Income tax planning is an essential aspect of financial management. It is important to have a solid understanding of the various tax laws and regulations that impact you and businesses alike. Effective income tax planning can help minimise your tax liability and provide opportunities for future growth and investment.
Whether you are a small business owner, a salaried employee, or a high-net-worth individual, income tax planning can play a critical role in achieving your financial goals. This article will delve into the necessary tax planning terms that you need to be aware of for better finance management.
Income Tax Planning Terms You Need to Understand
If you are just a beginner at the entire tax paying scene, chances are that you are unaware or have limited knowledge of the tax planning terms in India. And if that’s the case, below are some of the basic tax-related terminologies you need to understand for better income tax planning:
1. Basic Exemption Limit
As a responsible citizen of India, you are required to pay taxes. But that’s not obligatory as soon as you start working. To pay income tax, you need to fall into a certain tax slab for your income to become taxable. And how do you know you are eligible to pay taxes? Through the basic exemption limit.
In income tax planning, the term basic exemption limit refers to the minimum income limit. If your income exceeds this minimum income limit, it becomes taxable. In simpler terms, you don’t need to pay any taxes if your income is less than the decided minimum income limit for the financial year.
2. Previous Year
The financial year in India is different from the calendar year. It begins on the 1st of April and ends on the 31st of March. So, no matter what month you start working, if you fall in the payable tax slab, you need to start your income tax planning for the financial year that begins on the 1st of April and ends on the 31st of March.
Tax deduction is another most-used term in income tax planning. But what is it? Tax deductions are benefits you get to decrease the amount of your taxable income. These deductions are an expense you incur or a deduction from an income, like income tax on FD. It’s subtracted from your gross income for calculating your total taxable income and helps in income tax planning.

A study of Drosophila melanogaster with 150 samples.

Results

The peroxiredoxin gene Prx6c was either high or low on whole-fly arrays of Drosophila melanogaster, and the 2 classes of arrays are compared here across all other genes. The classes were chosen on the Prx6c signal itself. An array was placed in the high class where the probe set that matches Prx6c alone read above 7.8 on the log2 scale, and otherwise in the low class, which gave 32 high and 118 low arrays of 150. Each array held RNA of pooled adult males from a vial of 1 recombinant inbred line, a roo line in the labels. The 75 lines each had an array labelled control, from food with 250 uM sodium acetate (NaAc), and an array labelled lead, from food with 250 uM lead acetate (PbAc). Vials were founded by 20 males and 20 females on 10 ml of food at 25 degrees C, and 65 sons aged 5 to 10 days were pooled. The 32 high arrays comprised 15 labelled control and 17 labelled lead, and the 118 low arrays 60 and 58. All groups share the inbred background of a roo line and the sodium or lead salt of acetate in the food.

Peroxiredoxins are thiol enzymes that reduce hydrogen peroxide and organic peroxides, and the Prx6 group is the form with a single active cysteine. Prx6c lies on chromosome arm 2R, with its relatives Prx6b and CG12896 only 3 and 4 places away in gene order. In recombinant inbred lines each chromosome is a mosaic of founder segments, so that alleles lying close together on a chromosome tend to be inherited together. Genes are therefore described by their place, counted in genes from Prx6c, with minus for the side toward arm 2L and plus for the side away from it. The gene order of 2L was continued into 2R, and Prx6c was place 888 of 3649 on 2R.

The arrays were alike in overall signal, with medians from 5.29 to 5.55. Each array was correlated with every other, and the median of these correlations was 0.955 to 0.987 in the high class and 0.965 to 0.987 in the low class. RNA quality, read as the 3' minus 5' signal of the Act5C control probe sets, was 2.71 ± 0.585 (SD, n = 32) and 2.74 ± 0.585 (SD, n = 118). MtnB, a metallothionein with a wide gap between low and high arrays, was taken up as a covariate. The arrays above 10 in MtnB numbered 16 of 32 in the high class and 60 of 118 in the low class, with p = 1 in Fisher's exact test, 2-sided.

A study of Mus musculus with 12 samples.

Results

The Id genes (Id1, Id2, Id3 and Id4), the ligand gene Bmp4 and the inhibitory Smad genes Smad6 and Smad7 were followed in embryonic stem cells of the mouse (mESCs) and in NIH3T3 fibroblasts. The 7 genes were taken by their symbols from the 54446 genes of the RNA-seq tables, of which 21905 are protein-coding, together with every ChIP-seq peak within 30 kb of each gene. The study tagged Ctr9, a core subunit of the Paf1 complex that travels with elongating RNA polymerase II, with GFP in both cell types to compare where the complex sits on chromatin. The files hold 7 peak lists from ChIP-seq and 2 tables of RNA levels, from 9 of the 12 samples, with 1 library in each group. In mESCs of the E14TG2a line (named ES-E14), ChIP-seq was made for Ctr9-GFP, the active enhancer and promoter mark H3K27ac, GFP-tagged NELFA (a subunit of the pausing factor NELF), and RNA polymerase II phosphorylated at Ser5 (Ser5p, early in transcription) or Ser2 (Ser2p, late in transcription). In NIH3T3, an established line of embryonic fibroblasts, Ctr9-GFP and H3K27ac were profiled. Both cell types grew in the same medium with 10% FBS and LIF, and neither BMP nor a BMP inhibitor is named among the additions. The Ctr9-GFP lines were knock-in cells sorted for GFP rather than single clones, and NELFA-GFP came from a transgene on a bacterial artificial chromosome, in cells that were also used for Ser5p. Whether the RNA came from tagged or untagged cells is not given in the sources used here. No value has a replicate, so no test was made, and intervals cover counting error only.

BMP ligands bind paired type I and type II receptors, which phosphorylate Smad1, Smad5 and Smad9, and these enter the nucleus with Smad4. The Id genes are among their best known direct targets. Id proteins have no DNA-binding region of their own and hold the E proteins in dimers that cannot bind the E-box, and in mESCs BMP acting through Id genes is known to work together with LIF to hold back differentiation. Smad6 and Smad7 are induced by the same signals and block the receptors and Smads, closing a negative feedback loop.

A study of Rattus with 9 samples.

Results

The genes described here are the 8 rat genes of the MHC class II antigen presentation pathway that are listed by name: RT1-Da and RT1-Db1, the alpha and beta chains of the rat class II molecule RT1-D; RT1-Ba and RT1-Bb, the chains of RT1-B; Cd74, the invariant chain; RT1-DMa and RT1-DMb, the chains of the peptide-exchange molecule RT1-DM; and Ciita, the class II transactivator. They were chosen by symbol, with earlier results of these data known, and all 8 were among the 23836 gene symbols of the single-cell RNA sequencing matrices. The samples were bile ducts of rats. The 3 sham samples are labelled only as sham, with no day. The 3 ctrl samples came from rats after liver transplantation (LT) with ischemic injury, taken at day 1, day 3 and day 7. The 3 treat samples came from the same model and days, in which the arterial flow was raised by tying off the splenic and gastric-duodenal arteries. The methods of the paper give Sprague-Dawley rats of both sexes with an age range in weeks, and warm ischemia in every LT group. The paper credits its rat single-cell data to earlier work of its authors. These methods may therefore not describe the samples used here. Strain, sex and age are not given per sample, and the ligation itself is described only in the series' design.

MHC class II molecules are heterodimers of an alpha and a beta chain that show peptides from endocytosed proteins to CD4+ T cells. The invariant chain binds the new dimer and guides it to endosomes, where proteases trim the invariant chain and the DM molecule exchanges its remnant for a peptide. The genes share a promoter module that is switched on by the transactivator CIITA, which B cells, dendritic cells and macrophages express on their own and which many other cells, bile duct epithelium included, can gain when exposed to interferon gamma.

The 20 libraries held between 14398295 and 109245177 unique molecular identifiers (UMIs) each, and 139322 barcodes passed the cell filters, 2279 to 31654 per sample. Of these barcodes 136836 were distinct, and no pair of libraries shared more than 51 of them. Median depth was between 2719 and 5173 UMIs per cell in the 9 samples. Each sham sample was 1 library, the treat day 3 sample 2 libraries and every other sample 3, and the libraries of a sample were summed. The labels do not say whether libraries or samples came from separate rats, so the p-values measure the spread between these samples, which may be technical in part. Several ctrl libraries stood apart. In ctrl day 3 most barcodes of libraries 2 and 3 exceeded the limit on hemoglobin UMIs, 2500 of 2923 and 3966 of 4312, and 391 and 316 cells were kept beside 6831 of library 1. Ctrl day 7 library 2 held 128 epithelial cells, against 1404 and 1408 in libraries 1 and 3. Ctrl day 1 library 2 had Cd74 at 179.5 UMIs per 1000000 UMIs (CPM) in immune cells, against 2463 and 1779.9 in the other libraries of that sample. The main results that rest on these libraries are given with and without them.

Several investment schemes allow deductions on your taxable income. Investing in these schemes can relieve you of some deductions on your total income that are otherwise taxable.
4. Income Tax Slabs
The total tax rate subtracted from your income differs for everyone, depending on your income. Tax planning in India has divided taxpayers into different groups, which determines how much tax will be subtracted from the total income. These sets of groups are called tax slabs.
A decrease or increase in your income affects the tax slab you’re calculated in. Depending on the regime you select, old or new, different tax slabs have different tax rates on income. So, check what tax slab you fall in to start your income tax planning.
5. Gross and Taxable Income
The gross income includes the total income you earned in a financial year. This amount is an amalgamation of different income paths, like capital gains, salary, house property, through business, and other sources. To calculate your taxable income, exemptions, and deductions are taken off from your gross income. Note that your taxable income differs based on which tax slab you fall into.
Calculating Tax Payable
Income tax planning is not as simple as it may seem, but once you know all the necessary tax terminologies, paying income tax can become less of a hassle.
Begin by determining your taxable income. Start by calculating your total income from all sources, including employment, self-employment, investments, rental properties, and any other applicable income. Then, subtract any deductions or exemptions allowed by your tax laws. This will give you your taxable income. Once you have your taxable income, search the tax rates applicable to your taxable income.
Calculating income tax and planning on paying your income tax can be a complex process. Hence, it’s advisable to consult with a tax professional to avoid falling into any legal issues later.